Sunday, 27 February 2011

Moving on

The Chardstock Six are up for sale and three of them have been booked already.  We are thinking of keeping one of the males, Horizon Anchor, whose sire was Classical Priam  to see if he has any potential as a  herdsire.   He is a really lovely alpaca with very dense fleece, good crimp and pleasant temperament.  He is a little larger than most of our alpacas but that is probably a good thing as we do not want  our herd to be any smaller in individual size.

Having had a few days of warmer weather the grass is looking green again and the alpacas seem to have decided that it is preferable to hay, which is a bit worrying as it is probably not that nutritious yet.  They still tuck into their alf alfa though, so with only a few weeks left until spring (famous last words) we are hoping that they will retain their condition long enought to benefit when grazing becomes more plentiful.

Surprisingly we seem to be having quite a few enquiries which is unusual for us- we don't often start until April and after.  Three potential buyers have visited over the last 7 days, so time will tell  whether this is a good omen for the rest of the year or just a fluke week!!  Even if none of them buy in the end it is encouraging to have interest this early.

We have decided to open the shop as often as possible to see if it improves sales, because again, we have had a number of people phoning to find out when we are open.  Part of that is probably to do with half  term holidays, but we shall see.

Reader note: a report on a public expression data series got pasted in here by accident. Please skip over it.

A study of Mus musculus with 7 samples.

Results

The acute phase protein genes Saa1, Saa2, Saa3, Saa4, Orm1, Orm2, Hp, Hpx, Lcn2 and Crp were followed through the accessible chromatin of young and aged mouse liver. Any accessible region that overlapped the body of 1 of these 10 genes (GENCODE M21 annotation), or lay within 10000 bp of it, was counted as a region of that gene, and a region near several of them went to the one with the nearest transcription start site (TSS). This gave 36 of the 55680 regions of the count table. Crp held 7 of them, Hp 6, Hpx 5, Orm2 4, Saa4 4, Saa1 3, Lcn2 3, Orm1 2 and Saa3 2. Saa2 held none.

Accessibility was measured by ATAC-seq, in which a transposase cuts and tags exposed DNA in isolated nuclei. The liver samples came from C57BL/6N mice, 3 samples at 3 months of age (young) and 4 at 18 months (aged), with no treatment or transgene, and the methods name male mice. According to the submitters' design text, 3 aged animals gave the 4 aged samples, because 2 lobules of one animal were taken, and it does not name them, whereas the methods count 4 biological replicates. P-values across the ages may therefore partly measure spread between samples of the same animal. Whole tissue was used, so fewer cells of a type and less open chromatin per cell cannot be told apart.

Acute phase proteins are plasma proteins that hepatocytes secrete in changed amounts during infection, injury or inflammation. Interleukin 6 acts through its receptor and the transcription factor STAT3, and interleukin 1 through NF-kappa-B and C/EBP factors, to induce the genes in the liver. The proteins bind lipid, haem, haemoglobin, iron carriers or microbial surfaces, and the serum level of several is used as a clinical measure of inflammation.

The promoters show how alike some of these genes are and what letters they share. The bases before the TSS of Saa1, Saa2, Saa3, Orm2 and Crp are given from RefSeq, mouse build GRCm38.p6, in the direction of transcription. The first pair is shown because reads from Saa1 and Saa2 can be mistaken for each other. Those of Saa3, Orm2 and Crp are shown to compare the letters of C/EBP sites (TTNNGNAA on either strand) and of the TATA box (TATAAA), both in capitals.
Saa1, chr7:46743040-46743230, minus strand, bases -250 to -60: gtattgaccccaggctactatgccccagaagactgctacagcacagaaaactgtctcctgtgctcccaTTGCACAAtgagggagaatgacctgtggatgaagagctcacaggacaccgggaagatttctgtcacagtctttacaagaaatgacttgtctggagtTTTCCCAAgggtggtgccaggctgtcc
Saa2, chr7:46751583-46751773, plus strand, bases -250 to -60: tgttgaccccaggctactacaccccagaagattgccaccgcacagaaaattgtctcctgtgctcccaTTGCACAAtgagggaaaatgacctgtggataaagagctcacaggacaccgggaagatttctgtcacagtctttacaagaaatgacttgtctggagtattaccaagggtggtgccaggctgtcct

The does are looking VERY pregnant and I will be very disappointed if several do not have twins as they are looking fit to bust and both sides look very big.   If nothing materialises, we shall have to assume that we have been vastly overfeeding them!!

The buck and the young castrated male have settled in well in their new shelter, although worryingly the buck got his horns stuck in the stock fencing this morning.   Mike thinks the top wires need re-tensioning so he has promised to do it asap.  As the weather was fine and the goats have regrown their fleeces to keep them warm we let them out to graze.   They were,  of course, delighted, but still very good about going inside again at the end of the day -probably still feeling a bit chilly when the sun goes down.